Wart removal is simple in most cases; you can buy a kit at the drugstore and do it yourself. However, large or stubborn warts might require a doctor's visit.
What Causes Warts
Warts are caused by a virus called Human Papilloma Virus (HPV). The virus causes skin to grow faster than usual, forming a bump. HPV is contagious. You can get it from other people or through contact like from locker room shower floors. However, touching someone with warts does not mean you will definitely catch the virus. It depends on the particular strain of HPV and on the strength of your immune system. Breaks or cuts in the skin may make infection more likely.
You cannot contract warts from touching frogs or toads--that's just a myth.
Left alone, most warts will eventually go away. It takes six months to two years for the body to fight off the virus. If a wart isn't causing any problems, it may be easiest not to treat it at all. If, on the other hand, it's in a noticeable place or interferes with activity, wart removal is an option.
People have come up with a lot of home remedies for warts. According to the American Osteopathic College of Dermatology, duct tape might be helpful. Simply cut a piece of duct tape and cover the wart and surrounding skin with it. Leave the duct tape in place for six and a half days at a time, letting the skin breathe for a half day each week. Stop the treatment if the skin appears irritated. The duct tape method of wart removal works by cutting off the oxygen to the wart virus.
Some people get good results using tea tree oil for wart removal. You can find this at health food store or purchase it online. Apply the tea tree oil to the wart once or twice a day. It may take several weeks to work. Again, stop treatment if your skin becomes reddened or irritated; some people are allergic to tea tree oil.
The drugstore aisle offers several options for wart removal, including:
- Salicylic acid: This method takes as long as 12 weeks to work. It's available as a liquid or a gel, or in small adhesive pads that stay on the skin. You'll need to paint the liquid on twice a day and be careful not to get it on the surrounding skin. Gels have similar instructions, but are designed not to drip onto the skin. The adhesive pads are simpler--you just stick one on over the wart. They can remain in place for 48 hours at a time.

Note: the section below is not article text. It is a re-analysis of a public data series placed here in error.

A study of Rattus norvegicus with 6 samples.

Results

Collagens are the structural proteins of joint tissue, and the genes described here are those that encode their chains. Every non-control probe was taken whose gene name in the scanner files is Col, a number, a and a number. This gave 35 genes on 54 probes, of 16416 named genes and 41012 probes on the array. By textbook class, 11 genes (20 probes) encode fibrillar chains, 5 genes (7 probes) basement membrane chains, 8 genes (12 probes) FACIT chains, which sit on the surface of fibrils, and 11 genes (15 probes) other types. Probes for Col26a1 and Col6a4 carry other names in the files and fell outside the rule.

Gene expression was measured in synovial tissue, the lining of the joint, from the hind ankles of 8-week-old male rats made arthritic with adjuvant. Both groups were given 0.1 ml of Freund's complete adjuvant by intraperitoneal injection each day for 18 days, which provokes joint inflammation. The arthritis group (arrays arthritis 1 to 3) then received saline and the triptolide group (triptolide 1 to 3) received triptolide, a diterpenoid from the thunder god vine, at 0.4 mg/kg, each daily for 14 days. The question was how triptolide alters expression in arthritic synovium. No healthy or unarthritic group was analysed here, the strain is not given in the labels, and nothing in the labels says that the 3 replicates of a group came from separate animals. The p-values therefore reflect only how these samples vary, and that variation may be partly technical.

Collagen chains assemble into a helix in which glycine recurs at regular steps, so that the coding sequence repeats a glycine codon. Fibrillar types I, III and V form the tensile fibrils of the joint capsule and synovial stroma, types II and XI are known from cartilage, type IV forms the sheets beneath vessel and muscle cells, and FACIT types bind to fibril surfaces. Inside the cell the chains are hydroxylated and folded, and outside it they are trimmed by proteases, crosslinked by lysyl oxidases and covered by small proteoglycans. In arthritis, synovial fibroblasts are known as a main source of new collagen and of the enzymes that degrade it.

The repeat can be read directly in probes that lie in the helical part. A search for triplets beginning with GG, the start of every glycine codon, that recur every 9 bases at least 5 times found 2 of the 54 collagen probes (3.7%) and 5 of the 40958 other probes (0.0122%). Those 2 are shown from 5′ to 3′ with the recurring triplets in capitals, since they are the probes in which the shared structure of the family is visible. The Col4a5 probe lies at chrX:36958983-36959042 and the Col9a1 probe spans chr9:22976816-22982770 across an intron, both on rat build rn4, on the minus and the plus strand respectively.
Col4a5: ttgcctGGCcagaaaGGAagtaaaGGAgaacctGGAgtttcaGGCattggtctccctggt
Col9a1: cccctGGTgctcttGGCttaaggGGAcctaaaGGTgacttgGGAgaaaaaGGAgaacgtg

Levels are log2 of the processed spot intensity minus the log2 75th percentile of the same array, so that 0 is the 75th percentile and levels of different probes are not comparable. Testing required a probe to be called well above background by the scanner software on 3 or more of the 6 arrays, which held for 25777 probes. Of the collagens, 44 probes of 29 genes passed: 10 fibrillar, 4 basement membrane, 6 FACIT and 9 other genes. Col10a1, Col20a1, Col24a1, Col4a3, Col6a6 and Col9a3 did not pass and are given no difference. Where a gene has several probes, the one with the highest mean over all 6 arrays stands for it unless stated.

- Freezing treatments: These come with applicators that contain a special blend of chemicals. Once activated, the applicators become cold enough to freeze the skin. Simply apply the tip of the applicator directly to the wart and hold it in place for a brief time. The wart should fall off or peel away over the next several days. According to the manufacturers, many warts will require just one treatment. Although instructions vary by company, some warts require up to four treatments.
Be sure to follow the package instructions for any drugstore wart removal treatment.
Wart Removal at the Doctor's Office
If the drugstore treatments don't work, it is time for a doctor visit. Some people, especially those with circulation problems, should skip the drugstore and home remedies and consult a doctor first. Warts that appear on the genitals or on mucous membranes, such as the inside of the lip, should be treated only by a doctor. Warts on infants and very young children require a doctor's care, too. In addition, if you have any concern that your skin condition is not a wart (for example, if you're worried about skin cancer), check with the doctor before trying to treat it yourself.
Your doctor will probably try one of these things:
- Freezing: Your doctor may use liquid nitrogen or a substance similar to over-the-counter freezing treatments.
- Acid: Your doctor may use a strong acid or other medication to cause the skin to blister, lifting away the wart so it will fall of or can be easily removed.
Other treatments for stubborn warts include cutting them away with a scalpel, laser removal, burning with a special electrical device, injections to disrupt or kill the virus, and medicines to boost the immune system. These are usually reserved for warts that don't go away with other treatments.